Part of Frans Hals, The Laughing Cavalier, 1624
Part of Frans Hals, The Laughing Cavalier, 1624
Photo: © Trustees of the Wallace Collection, London

Sept. 14, 2021

Frans Hals (c.1582/3–1666) is one of the greatest Dutch masters, praised by his contemporaries for his capacity to paint lifelike portraits that seem ‘to live and breathe’.

The Wallace Collection, London, will celebrate Hals’s most famous and beloved, yet still enigmatic, painting The Laughing Cavalier (1624).

The historic purchase of The Laughing Cavalier in 1865 by the 4th Marquess of Hertford (1800– 1870), the Wallace Collection’s principal founder, was instrumental in the revival of Frans Hals during the 19th century. Prior to this, Hals had been lost to obscurity. At a sale in Paris, Lord Hertford sensationally outbid Baron James de Rothschild paying the astronomical sum of 51,000 francs for the picture (more than six times the estimate). The publicity around the sale led to the immediate fame of the painting and of Hals, causing prices of his works to soar. This iconic image has never been seen together with other works by the artist and will form the centrepiece of Frans Hals: The Male Portrait - the first ever show to focus solely on Hals’s portraits of men posing on their own – placing The Laughing Cavalier within the broader context of Hals’s depictions of male sitters.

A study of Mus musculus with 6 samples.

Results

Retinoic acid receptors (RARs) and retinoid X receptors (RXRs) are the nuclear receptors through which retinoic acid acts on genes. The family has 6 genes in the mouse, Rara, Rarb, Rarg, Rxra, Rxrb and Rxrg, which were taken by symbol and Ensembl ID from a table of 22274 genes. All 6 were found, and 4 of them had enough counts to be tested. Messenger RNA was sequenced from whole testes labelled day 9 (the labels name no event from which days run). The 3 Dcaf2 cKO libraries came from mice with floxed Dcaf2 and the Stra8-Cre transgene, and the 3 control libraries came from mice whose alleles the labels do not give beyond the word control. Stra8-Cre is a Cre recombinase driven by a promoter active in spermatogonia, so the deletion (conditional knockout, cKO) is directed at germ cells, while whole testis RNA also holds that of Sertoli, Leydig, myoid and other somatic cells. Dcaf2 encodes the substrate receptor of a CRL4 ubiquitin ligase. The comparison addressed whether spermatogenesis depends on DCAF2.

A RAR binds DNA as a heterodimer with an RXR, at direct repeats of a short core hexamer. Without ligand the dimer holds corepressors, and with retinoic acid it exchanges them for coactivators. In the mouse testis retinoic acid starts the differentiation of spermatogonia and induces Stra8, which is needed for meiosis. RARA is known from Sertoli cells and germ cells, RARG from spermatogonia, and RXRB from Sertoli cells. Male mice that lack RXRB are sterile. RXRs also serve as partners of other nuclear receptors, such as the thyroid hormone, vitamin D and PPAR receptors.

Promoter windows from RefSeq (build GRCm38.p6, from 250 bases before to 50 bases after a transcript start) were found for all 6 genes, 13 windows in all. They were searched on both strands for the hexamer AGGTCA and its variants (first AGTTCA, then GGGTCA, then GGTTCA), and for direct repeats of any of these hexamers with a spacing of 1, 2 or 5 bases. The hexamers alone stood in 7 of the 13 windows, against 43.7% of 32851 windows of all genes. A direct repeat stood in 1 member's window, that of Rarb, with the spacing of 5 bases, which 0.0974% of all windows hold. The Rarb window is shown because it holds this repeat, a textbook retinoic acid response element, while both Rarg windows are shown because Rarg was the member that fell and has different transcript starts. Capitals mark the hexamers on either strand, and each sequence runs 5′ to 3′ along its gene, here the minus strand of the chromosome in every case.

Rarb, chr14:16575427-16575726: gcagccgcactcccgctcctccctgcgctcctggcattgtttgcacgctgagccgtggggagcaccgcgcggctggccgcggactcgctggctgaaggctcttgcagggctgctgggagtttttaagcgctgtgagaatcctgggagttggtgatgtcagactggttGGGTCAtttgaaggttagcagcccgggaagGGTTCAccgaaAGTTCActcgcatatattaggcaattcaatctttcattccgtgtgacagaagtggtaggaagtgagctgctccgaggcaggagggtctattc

The exhibition will bring together over a dozen of the artist’s best male portraits from collections across the UK, Europe, and North America. The show aims to demonstrate how across more than 50 years of Hals’s career, through pose and virtuosic painterly technique, he completely revolutionised the male portrait. He infused his works with a vitality and animated presence that was at the time, entirely new to portraiture. Exhibits date from the beginning of Hals’s career in the 1610s right up to the end of his life in 1666.


The largest collection of Hals’s paintings can be found in his home city of Haarlem at the Frans Hals Museum.

Frans Hals: The Male Portrait runs at the Wallace Collection from 22 September 2021 – 30 January 2022.